August 2010

So, Almas over at Being Civil wrote about how to get a property line label to look correctly. You can read it HERE. He had two solutions, the first was to use a code that would combine the P and the L together to form the property line symbol, the second is to simply toggle on the Flip Anchors with Text option in the style.

In the situation he had, either of those solutions would work just fine but, what about this situation? 1) I don’t want to use letters that have a predefined code for them and 2) I want to adjust the label so that the entire thing is centered on the line, not just one of the letters. In this example, I have a Water Line and a Sewer Line label and I want them to look something like:

In this case I created a label with two text components, a “W” and an “L” (for Water Line). I attach the bottom center of the “W” to the label location and then add a negative Y adjustment so the line is passing through the bottom of the “W”. I then attach the top left of the “L” to the middle center of the “W” and everything looks good, that is until the label flips to be plan readable, hence the point of Almas’ post.

Again, if you haven’t done so, go to Being Civil and read it. This post will make much more sense if you do!

Now if I follow along and do as Almas recommends and toggle on the Flip Anchors option in the style, this is what happens:

It’s close, REALLY close but just not quite right. The problem is, even though the anchors flipped when the text did, the adjustment I made to the “W” component was relative to the line! In the left label, it adjusts above the line and in the right label, it adjusts below the line. So, what to do? (To learn more about what Flipping Anchors does, read one of my previous posts HERE.)

Well, it really isn’t all that hard, you just have to think outside the box a bit. Have you ever noticed when creating label styles that you can toggle on and off the visiblility of different components? Well, we are going to use that to our advantage. Add a new text component, a placement component, to the label and attach it middle center to the label point (I didn’t even bother changing the “Label Text” default) and change the visibility option to False. Now, attach the first component (the “W” in this case) to that placement component. Now, when the label flips to be plan readable, the placement text flips and the “W” adjusts relative to this instead of the line!

In the top portion of the following image, you can see the results of this label style. In the bottom portion, I’ve turned the visibility of the placement text on (and made it green) as well as adding in a pink direction arrow so you can see the lines are running in opposite directions.

Hopefully this makes sense to everyone. If you have questions, leave comments on this post and I’ll answer them as I can.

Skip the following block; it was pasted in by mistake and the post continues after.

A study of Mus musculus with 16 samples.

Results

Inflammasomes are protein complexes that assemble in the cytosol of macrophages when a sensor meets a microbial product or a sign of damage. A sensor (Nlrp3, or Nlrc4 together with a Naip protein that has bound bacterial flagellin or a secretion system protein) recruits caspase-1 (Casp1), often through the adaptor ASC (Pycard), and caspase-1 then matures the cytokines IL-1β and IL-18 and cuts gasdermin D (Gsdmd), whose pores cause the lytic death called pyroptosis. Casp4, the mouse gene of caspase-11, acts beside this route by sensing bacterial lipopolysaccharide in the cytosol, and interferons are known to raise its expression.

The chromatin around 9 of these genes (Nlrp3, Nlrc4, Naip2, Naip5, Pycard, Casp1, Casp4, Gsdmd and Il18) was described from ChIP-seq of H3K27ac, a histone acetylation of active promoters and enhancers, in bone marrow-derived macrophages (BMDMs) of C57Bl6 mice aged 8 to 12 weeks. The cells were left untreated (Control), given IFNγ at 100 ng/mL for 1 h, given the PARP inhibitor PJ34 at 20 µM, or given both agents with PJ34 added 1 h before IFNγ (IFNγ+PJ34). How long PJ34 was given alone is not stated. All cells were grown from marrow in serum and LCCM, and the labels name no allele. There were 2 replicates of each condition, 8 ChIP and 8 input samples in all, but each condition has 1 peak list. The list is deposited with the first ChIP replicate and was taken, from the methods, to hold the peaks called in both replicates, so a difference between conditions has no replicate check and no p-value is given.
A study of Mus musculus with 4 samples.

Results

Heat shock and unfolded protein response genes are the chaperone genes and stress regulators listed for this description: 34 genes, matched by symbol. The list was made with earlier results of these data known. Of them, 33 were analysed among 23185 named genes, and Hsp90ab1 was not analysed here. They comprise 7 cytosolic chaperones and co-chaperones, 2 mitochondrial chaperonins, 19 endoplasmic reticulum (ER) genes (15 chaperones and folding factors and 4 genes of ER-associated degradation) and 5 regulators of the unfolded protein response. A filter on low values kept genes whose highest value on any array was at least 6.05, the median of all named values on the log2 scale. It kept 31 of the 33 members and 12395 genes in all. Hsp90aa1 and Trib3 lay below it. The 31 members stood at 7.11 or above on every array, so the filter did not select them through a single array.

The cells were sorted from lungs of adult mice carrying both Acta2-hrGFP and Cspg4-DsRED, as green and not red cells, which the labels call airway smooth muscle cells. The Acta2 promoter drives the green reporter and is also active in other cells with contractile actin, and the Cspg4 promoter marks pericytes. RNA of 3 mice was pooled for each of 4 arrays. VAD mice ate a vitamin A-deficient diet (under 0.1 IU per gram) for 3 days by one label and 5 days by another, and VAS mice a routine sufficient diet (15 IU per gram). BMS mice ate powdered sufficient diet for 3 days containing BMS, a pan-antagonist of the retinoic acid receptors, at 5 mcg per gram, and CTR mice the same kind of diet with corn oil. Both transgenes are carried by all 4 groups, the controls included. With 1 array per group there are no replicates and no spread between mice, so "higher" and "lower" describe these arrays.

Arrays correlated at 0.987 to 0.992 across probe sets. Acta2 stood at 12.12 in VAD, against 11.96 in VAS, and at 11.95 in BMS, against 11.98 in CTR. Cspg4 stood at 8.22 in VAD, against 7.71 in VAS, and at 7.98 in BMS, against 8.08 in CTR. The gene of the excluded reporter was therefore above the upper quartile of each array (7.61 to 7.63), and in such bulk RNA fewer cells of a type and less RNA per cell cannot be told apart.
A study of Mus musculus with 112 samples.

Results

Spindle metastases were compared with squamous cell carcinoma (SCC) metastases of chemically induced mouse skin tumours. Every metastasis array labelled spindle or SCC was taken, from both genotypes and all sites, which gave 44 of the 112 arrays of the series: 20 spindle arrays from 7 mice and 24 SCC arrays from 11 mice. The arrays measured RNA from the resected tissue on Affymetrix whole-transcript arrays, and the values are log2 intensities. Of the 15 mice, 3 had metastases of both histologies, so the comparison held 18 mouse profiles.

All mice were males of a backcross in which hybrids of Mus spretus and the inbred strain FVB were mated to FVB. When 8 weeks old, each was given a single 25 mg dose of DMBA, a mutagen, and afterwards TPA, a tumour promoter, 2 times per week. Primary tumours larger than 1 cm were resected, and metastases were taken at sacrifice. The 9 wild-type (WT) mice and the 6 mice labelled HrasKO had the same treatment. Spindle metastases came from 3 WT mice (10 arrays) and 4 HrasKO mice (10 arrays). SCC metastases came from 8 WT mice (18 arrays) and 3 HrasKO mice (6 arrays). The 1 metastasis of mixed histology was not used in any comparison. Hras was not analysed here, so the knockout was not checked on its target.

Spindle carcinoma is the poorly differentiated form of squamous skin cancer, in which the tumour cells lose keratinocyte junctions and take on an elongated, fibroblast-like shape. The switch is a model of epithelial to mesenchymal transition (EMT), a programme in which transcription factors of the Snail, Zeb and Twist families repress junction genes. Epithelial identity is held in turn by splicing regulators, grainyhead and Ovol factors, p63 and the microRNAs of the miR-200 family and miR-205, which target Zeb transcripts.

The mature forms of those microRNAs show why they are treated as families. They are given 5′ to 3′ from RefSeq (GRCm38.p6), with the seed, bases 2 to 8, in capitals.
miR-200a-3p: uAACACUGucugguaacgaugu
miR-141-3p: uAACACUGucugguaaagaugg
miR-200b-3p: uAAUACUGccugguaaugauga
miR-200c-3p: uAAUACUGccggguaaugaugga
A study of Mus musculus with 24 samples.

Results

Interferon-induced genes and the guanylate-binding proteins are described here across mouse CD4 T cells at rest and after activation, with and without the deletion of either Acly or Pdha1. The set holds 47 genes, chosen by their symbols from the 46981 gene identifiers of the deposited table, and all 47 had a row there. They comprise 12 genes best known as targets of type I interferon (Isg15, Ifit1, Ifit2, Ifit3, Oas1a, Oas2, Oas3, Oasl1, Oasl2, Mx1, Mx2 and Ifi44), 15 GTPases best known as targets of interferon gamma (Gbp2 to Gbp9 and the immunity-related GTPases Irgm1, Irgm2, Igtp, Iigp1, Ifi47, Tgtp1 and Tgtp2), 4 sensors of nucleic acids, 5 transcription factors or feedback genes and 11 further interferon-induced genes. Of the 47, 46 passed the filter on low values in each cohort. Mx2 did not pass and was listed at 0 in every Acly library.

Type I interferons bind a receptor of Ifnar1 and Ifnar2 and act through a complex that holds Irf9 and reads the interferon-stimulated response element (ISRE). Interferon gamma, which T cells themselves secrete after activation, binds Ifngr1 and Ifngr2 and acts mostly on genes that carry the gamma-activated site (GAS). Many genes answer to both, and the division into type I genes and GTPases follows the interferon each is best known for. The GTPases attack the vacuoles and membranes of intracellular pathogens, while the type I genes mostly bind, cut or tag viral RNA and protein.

Have you ever brought a Google Earth surface into your Civil 3D drawing and it comes in at the wrong elevation? Now, I’m not tallking off by 50′ (well maybe if you’re in Florida) but drastically off. I did a test and in Google Earth, I zoomed in on Longs Peak, one of the 14,000′ mountains visible from my house. In C3D, I set an appropriate coordinate system, import the surface, and everything works. Here’s a screenshot of the surface properties:

However, in two other drawings, using the exact same coordinate systems, the elevations are drastically different:

Now, what on earth could be causing such a drastic change in the elevations? It’s almost like the elevations on the left are being scaled by the conversion factor from feet to meters and on the right the conversion factor from feet to inches, and that’s exactly what is happening. It’s using the drawing units, the AutoCAD drawing units, to scale the Google Earth surface elevations (which units are in meters) as it brings it into the drawing.

In the above image, the left surface was brought into the drawing with units set to unitless (INSUNITS=0) so the elevations are set to meters, since that’s the units Google Earth uses. On the right, the drawing units are set to inches (INSUNITS=1), so that’s how many inches high Longs Peak is. If you are working in an imperial drawing, i.e., your Civil 3D units are set to feet, then you must have the AutoCAD drawing units also set to feet (INSUNITS=2). If you are working in a metric drawing, i.e. your Civil 3D units are set to meters, then you must have the AutoCAD drawing units set to meters (INSUNITS= 6).

Thanks Jeff for letting me know about this one!

Looks like I discovered a bug in C3D 2011. When you create a table style set up a specific way the sorting does not work. In order to see this issue, create a table style that:

1) Sorts on a specific column
2) The data of that column is formatted to use the new digit grouping (the comma in 1,000 is an example of digit grouping), and
3) The data spans more than one group (i.e. 700 – 1,300)

In this example, I’ve created a line table from a series of polyline labels. The table style is not set to sort and so it places the labels in the table in the order they were created:

For this example, I’m going to sort by the length of the lines. For whatever reason, that is the important piece of data for this table. After editing the style, the table sorts just as expected:

Now, if I change the data format for the length of the lines to add the new digit grouping, you’ll see the table no longer sorts correctly.

Now, I haven’t been able to confirm this but, it seems that the sorting process isn’t looking at the value of the entire number for the sorting purposes but rather the very first group. That’s why it thinks 1,000 is less then 900; it sees 1 as less then 900.

Unfortunately, at this point, I really don’t know of a viable workaround other then to not set the numbers to group the digits. If anyone can think of a workaround, I would love to hear it.